Published June 26, 2018
Updated with comment from Giro.

BLACKSBURG, Va. (BRAIN) — Virginia Tech and the Insurance Institute for Highway Safety have collaborated on a bike helmet rating system based on its own laboratory testing.

The program tested 30 adult helmets, looking at road-style models and urban style models and rating them from one star to five stars. Four earned the highest rating of 5 stars, two earned 2 stars, and the rest were in the 3-4-star range. Of the four 5-star helmets in the initial test group, all are equipped with a Multi-Directional Impact Protection System (MIPS). This technology creates a low-friction layer inside the helmet.

"Our goal with these ratings is to give cyclists an evidence-based tool for making informed decisions about how to reduce their risk of injury," said Steve Rowson, director of the Virginia Tech Helmet Lab and an associate professor of biomedical engineering and mechanics. "We also hope manufacturers will use the information to make improvements."

All the helmets passed CPSC standards. The Virginia Tech and IIHS program said it developed its own "more realistic" testing protocol. The Virginia Tech Helmet Lab currently rates football and hockey helmets, as well as soccer headgear.

"In cycling, we saw an opportunity to reach a broad cross section of the public and bring a new level of safety to an activity with a wide range of other benefits," Rowson says.

The CPSC requires helmets to prevent head impact accelerations over 300 g, a level associated with skull fracture or severe brain injury. However the CPSC standard does not assess a helmet's performance at lower level impact forces that could still result in a concussion. The group also said CPSC testing doesn't evaluate the entirety of the helmet.

"For instance, the helmet rim is excluded from CPSC testing, even though studies of bicycle crashes have found that a large number of cyclist head impacts are at the helmet rim, often at the sides or front of helmets. In addition, the CPSC testing requires helmets to be dropped perpendicular to the impact surface. In contrast, a bicyclist's head is more likely to strike the pavement at an angle during a crash. Finally, the speed at which the helmet hits the anvil in the CPSC testing represents an extremely severe impact that isn't typical of most bike crashes," the group said in a press statement Tuesday.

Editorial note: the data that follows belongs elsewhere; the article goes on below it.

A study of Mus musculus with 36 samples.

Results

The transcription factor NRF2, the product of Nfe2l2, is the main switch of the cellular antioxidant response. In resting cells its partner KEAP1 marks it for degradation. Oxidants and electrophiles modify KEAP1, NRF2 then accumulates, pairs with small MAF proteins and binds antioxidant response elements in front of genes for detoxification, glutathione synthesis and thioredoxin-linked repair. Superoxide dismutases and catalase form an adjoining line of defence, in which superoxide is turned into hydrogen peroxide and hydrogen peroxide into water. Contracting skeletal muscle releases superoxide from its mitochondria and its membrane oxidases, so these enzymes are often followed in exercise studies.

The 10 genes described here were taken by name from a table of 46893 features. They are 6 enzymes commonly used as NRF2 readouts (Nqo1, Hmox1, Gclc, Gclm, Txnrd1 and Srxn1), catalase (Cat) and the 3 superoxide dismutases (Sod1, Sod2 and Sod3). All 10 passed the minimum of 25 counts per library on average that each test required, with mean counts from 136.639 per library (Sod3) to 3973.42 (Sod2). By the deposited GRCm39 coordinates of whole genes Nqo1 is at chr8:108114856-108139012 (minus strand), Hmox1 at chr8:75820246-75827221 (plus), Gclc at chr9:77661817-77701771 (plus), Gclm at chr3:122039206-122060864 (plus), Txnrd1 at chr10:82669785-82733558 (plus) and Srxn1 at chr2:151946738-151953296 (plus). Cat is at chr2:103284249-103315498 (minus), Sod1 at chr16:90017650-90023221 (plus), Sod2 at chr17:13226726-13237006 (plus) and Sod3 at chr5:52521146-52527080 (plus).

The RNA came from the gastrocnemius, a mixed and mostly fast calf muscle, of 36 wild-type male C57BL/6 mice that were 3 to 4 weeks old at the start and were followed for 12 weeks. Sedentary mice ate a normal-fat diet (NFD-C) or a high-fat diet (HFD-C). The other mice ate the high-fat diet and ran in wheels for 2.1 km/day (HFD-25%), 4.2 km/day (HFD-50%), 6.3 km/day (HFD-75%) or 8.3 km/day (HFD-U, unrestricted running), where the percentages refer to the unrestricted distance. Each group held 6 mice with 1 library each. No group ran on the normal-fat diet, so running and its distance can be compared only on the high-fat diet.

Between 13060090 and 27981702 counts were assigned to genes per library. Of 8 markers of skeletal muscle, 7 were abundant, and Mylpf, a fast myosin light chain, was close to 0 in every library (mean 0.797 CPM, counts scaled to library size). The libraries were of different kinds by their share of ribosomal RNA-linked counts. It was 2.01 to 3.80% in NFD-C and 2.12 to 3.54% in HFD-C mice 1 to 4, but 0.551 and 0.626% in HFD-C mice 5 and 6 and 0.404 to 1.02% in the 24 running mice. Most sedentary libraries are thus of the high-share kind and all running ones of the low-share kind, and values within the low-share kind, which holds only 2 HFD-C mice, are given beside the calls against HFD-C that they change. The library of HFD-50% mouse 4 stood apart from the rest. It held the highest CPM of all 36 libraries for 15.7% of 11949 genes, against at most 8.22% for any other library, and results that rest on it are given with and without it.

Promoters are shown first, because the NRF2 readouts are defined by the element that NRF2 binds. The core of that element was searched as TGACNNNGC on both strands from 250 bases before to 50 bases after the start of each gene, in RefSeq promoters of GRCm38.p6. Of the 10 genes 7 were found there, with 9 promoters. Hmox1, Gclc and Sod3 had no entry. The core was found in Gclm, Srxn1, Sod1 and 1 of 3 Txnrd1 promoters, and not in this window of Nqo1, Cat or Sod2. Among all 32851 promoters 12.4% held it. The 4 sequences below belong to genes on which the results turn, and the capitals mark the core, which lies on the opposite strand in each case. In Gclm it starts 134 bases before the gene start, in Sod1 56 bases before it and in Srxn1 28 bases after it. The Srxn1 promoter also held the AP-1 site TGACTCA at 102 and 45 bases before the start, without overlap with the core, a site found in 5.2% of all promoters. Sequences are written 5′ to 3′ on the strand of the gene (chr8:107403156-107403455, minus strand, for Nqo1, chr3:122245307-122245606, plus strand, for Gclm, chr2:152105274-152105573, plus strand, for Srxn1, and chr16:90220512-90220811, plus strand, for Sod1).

Before developing their test protocol, the Virginia Tech researchers conducted two studies with IIHS support. In the first one, they used the CPSC rig to test a group of helmets at two locations — one at the side of the helmet, within the CPSC test area, and one at the front rim, which isn't subject to the required testing. They found that on certain models, the rim location was more vulnerable.

The second study used a different test rig with a more realistic dummy head hitting a slanted anvil, covered with 80-grit sandpaper to approximate the roughness of asphalt. These tests were designed to replicate more accurately the angle at which a bicyclist's head is likely to strike the pavement in a crash.

The rig with the slanted anvil and more realistic head did a better job teasing out differences among helmets, the researchers found. A slightly modified version of that rig is being used for the ratings.

For the ratings, the lab tests each helmet at six commonly impacted locations, including two at the rim. Helmets are dropped on the anvil at two speeds taken from studies of real-world crashes — the median speed at which a rider's head is estimated to hit the ground and a higher speed equivalent to the 90th-percentile speed in the real-world crash studies.

Sensors embedded in the headform measure linear acceleration and rotational velocity, and the risk of concussion is estimated from those measurements. The number of stars assigned to each helmet represents how effectively that model reduces overall injury risk.

In general, the test found that road helmets tended to perform better on its test than urban helmets.

The lab is continuing to test more adult helmets of different styles, including mountain bike and skate/BMX helmets, and will update its website as new ratings are released. Evaluations of youth helmets also are planned.

More information: Ratings of the first 30 helmets tested.

Giro's Thom Parks, the brand's senior director of product safety, said he applauded Virginia Tech's effort.

"Virginia Tech's Cycling STAR rating is another tool that can help us understand the performance of our products and the potential for helmets to reduce risk of traumatic brain injuries, including concussions," Parks said. "The testing and ratings represent a single methodology based on Virginia Tech's point of view and their available resources for testing cycling helmets, and we believe the Cycling STAR ratings can be complimentary to the research and testing we do in the Dome as part of helmet creation at Giro.

"We applaud Virginia Tech for applying a STAR rating system to cycling helmets. We are also encouraged to see more research on cycling head protection, and to see our helmets perform well in the initial Virginia Tech tests. It is important to remember that every impact is a unique event. No rating system can prove if a specific helmet will or will not prevent, or even reduce the risk of concussion. This is why we encourage riders to choose a helmet that offers the most coverage that they're willing to wear, that is designed to the most relevant standards for the riding they do, and to inspect and replace their helmet regularly."